In its February Labour Market Overview, the Office for National Statistics (ONS) showed a fall of 76,000 job vacancies from November to January, as well as a decline in real earnings (adjusted for inflation) of 3.1% between October and December.
In this month’s Lightcast UK Labour Market Review, we look at how online job postings and advertised salaries are tracking up to February 2023, digging beneath the headline figures published by the ONS to reveal hotspots in recruitment demand, along with a truly insightful look at which skills are seeing the fastest growth in demand.
Job postings remain stable but advertised salaries only back to 2021 levels
In last month’s Review, we saw that recruitment demand had remained strong, despite many of the gloomy economic forecasts and stories doing the rounds, with 1.1 million new postings in January 2023, compared to 971,000 in the same month of 2022. As the first chart below shows, demand in February remained largely stable, with just under 1.1 million new job postings in the month – only slightly less than both January 2023 and February of last year.
In last month’s Review we also saw a fall in median advertised salaries, with the average across all jobs being £31,200 – £1,800 less than December. Although February’s data shows a slight rise to just over £32,000 for all jobs, this is still below the £33,000 in December 2022. Even more significantly, as the second chart below shows, it has only just recovered to levels last seen in February 2021, but back then inflation was under 1%, compared to the latest official rate of 10.1%.
The largest month-on-month growth in recruitment activity was in ...
If we were to take a poll asking people where the highest growth in recruitment demand in the UK was last month, how many would answer Slough? Probably not many, yet this is what the data shows. With 13% month-on-month growth for all positions, and 24.3% month-on-month growth for graduate positions, the Berkshire town leads the pack of 20 hotspots across the UK.
Looking at the hotspot maps below, it is noteworthy that there are clusters of towns and cities that have seen high growth in demand from employers in the tech-hub of Berkshire (Slough, Windsor and Maidenhead, and Reading), as well as the West Midlands (Warwick, Coventry, Solihull, Dudley and Wolverhampton).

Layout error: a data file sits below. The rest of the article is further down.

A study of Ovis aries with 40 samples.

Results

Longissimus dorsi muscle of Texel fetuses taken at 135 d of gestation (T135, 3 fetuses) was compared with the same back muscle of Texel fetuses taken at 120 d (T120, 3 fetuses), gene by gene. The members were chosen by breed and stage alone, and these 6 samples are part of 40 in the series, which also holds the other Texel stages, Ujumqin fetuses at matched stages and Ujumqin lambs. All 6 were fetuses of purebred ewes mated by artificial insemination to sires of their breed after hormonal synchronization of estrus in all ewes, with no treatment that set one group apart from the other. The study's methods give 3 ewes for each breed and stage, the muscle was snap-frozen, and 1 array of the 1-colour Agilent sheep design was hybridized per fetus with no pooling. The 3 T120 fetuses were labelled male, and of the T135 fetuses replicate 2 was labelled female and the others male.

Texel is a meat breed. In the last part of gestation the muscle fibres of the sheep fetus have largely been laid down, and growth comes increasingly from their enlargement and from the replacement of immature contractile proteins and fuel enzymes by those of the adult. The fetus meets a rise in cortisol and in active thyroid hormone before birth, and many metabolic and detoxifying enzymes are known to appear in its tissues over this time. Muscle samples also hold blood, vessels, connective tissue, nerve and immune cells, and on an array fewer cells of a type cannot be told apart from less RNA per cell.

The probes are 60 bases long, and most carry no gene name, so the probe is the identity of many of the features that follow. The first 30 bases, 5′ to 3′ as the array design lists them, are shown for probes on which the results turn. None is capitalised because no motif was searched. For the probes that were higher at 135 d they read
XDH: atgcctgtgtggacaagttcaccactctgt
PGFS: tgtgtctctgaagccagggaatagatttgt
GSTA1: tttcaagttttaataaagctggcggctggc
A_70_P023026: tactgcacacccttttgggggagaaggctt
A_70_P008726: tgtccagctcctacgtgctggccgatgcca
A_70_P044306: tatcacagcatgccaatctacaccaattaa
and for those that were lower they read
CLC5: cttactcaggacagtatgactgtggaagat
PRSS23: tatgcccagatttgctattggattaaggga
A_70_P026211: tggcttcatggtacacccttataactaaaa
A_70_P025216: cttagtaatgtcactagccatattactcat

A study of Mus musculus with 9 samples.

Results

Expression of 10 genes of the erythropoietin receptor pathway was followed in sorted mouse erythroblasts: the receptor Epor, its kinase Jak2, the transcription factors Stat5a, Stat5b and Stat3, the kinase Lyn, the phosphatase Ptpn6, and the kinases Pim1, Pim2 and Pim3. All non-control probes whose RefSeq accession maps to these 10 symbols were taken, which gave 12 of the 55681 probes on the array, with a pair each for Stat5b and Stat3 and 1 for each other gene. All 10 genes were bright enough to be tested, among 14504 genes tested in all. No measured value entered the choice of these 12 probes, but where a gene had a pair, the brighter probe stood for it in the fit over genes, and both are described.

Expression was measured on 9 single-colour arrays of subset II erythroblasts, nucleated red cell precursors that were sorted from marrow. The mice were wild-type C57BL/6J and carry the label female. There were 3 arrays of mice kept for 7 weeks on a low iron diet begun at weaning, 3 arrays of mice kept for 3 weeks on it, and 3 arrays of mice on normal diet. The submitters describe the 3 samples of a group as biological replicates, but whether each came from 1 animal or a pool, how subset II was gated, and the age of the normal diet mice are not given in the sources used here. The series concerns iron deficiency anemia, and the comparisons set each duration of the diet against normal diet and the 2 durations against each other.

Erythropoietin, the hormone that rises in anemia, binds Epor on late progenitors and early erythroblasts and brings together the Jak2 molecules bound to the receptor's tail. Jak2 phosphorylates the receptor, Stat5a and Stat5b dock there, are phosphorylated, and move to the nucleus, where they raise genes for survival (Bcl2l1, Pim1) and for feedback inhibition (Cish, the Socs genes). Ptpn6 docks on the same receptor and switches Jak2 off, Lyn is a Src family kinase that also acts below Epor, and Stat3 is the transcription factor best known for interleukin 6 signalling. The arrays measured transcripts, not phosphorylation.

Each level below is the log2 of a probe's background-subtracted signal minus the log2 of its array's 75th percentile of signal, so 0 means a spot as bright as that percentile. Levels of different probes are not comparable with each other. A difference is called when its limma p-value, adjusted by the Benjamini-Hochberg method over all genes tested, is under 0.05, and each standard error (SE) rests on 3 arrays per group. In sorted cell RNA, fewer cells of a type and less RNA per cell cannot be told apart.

If you’d like to find out more about which companies and job titles are driving this growth in these and other areas, get in touch today.
The skills that employers are looking for
Finally in this month’s Review, let’s take a look at skills. Skills are the basic unit and shared language of the labour market, and identifying the skills required to perform a job gives us far more understanding of what’s involved in a job than a job title can. We are able to identify skills in online job adverts, by using the 32,000+ skills we’ve gathered from hundreds of millions of online job postings, profiles, and CVs and compiled in our Skills Library.
In the charts below, we’ve identified the top 20 common, specialised and software skills in terms of growth in 2022 compared to 2021 (we’ve included only those skills that appear in at least 1% of total postings for common and specialised skills, and 0.25% or more for software skills).
A few things stand out as being noteworthy. Firstly, looking at common skills, there are a number of training/coaching skills that grew significantly in demand in 2022. For instance, teaching, training and development, coaching, and mentorship. For specialised skills, along with a number of administrative skills, a number of more sales and marketing-type skills have grown in demand, such as purchasing, marketing, and procurement. Finally, when we look at software skills, along with some of the more general skills we might expect, such as Microsoft Office, Excel and Powerpoint, there are also a number of more specific skills that have seen strong growth in demand, such as Aruba (Network Management Software), R (Programming Language), and (Go Programming Language).
Elena Magrini, Lightcast's Head of Global Research commented:
Compared to the fast growth seen in 2021 and the first half of 2022, new online job postings activity appears to be stabilising. With the exception of month-on-month fluctuations, the overall line is flattening, which could be a very early indication of a cooling in the labour market.
Of even more concern is that this stabilisation is also seen in terms of advertised salaries, while inflation is running high. This suggests that job changes - the traditional route to higher earnings - may currently not be enough to help UK households face the cost of living crisis.
We’ll be back with another UK Labour Market Review on 10th April - the day before the April ONS Labour Market release.
In the meantime, why not get in contact to find out how we can offer you much more of this type of data for your area, to help you unlock new possibilities in your labour market.